KeatsConnelly Cross-Border Weekly Best of the Web 2016-5-6

web-search-greyEvery week we share news stories, blog articles and other interesting stuff from around the web that received the most views, shares, comments and overall interest on various KeatsConnelly social media outlets.

In this week’s highlighted pieces we begin with an interesting look at the impact of a strengthening Canadian dollar…a reminder that many economic factors carry both positive and negative impact. The next article focuses on an increasingly common refrain among American’s, “If Trump wins, I’m moving to Canada.” We then wrap things up with an important information piece from the IRS on foreign asset reporting requirements.

Loonie Surge, Trade ‘Collapse’ Threatens to Undermine Canada’s Economy ( – A stronger loonie may be good news if you’re planning a vacation to Florida, but for Canadian companies doing business abroad, it’s pretty much the last thing they need. Despite the loonie losing more than a cent U.S. on Tuesday, it’s trading at around 79 cents U.S., some 10 cents U.S. higher than its lows in January. That new-found strength “poses a risk to newly won export gains,” BMO chief economist Doug Porter wrote in a client note Wednesday. “The exchange rate is a massive underlying force. And the three-month surge in the Canadian dollar threatens to undermine those gains.” Porter noted that with the loonie in decline, export volumes had shot up 7 per cent in a year…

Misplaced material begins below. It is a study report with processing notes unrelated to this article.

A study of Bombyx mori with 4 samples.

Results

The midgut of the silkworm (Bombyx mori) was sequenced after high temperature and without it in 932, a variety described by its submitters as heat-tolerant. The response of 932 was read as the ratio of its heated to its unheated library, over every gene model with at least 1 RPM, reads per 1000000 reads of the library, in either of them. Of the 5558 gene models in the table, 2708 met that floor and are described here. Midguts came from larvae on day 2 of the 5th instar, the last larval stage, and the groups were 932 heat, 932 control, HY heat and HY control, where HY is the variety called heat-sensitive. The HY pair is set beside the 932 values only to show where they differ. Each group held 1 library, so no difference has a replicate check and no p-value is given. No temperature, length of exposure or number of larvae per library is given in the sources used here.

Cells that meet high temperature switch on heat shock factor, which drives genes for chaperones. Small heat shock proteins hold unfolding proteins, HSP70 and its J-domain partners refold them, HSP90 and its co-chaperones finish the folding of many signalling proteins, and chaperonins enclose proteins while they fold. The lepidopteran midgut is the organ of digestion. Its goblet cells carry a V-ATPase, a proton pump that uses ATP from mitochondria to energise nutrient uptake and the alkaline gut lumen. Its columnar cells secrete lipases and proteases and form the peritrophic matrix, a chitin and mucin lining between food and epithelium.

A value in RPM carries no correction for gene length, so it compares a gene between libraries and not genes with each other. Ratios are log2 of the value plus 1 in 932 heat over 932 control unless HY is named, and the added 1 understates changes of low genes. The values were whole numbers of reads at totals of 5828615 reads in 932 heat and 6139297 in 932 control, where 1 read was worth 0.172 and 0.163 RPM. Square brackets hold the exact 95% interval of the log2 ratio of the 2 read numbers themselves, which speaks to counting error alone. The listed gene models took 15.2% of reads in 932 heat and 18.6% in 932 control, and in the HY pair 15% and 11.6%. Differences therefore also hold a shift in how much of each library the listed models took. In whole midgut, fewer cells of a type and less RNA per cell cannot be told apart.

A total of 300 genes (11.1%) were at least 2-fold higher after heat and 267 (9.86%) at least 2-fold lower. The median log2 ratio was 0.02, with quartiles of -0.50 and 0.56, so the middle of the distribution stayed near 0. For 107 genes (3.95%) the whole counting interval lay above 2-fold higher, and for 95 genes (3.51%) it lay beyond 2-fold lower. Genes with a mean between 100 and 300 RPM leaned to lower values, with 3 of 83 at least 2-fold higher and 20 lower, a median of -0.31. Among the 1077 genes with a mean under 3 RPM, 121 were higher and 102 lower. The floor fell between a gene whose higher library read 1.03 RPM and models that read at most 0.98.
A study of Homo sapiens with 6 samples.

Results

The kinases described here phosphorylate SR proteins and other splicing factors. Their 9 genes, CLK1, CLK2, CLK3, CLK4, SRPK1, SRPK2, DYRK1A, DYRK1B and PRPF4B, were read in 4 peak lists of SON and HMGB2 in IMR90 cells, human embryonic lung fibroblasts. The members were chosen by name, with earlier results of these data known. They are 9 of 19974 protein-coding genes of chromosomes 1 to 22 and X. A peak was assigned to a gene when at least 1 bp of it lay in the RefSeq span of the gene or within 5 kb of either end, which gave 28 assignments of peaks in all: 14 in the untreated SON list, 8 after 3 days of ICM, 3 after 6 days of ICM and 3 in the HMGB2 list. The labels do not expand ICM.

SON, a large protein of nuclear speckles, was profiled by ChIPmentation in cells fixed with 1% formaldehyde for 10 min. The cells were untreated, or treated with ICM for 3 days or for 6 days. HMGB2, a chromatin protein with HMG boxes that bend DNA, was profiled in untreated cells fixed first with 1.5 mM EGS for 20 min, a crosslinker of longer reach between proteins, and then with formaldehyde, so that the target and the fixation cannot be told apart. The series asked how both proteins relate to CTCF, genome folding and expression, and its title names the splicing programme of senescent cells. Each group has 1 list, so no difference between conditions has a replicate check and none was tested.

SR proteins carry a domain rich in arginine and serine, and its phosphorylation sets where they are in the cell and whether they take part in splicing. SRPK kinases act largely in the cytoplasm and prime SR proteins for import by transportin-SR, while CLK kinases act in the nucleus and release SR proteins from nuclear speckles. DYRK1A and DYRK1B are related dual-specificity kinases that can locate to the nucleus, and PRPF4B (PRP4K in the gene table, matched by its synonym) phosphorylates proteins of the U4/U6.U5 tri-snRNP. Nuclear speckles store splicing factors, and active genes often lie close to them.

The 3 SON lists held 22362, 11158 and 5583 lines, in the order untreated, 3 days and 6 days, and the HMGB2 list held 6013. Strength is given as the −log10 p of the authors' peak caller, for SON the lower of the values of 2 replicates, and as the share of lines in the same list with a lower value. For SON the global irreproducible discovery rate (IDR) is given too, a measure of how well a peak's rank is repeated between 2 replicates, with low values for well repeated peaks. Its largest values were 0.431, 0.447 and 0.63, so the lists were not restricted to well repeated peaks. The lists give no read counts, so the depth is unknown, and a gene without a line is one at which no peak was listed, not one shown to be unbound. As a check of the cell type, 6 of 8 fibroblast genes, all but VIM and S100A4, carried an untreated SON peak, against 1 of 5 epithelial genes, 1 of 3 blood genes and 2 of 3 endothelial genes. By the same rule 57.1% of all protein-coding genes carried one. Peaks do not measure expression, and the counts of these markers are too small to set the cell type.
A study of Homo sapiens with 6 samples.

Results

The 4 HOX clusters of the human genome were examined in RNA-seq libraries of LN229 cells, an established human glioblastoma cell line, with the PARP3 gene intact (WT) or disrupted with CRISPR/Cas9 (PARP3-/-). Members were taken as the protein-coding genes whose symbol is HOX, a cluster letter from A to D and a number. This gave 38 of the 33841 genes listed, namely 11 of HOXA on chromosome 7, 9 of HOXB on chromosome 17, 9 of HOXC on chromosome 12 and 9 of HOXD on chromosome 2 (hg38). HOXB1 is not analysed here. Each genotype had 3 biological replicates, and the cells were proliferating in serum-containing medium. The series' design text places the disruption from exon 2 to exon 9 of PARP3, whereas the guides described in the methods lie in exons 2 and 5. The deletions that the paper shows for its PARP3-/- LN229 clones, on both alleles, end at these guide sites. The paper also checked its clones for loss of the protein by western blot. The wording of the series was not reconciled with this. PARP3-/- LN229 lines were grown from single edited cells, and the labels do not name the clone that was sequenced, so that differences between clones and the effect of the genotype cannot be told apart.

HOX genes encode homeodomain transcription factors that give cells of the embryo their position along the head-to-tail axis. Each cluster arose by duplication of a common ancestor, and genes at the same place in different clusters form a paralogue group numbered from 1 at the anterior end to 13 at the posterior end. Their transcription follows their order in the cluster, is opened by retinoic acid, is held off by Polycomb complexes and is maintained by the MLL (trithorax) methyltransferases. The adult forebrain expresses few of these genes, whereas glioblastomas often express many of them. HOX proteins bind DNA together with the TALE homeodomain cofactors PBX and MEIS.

Want to Move to Canada If Trump Wins? Not so Fast ( – The threats to move to Canada if Donald Trump becomes president started appearing long ago, but they’ve increased in volume and intensity over the past few months. After Trump’s big wins on Super Tuesday, thousands took to Twitter in panic and outrage. Canada’s immigration website experienced delays, presumably from a surge in traffic. Cape Breton, a Canadian island with an aging population, responded by welcoming Americans and received thousands of inquiries, many of them serious. Moving to Canada became easy fodder for comedians and late-night hosts…

Comparison of Form 8938 and FBAR Requirements ( – The new Form 8938 filing requirement does not replace or otherwise affect a taxpayer’s obligation to file FinCEN  Form 114 (Report of Foreign Bank and Financial Accounts). Unlike Form 8938, the FBAR (FinCEN Form 114) is not filed with the IRS. It must be filed directly with the office of Financial Crimes Enforcement Network (FinCEN), a bureau of the Department of the Treasury, separate from the IRS. Individuals must check the requirements and relevant reporting thresholds of each form and determine if they should file Form 8938 or FinCEN Form 114, or both…

Come back next week for more interesting news and articles. Enjoy your weekend!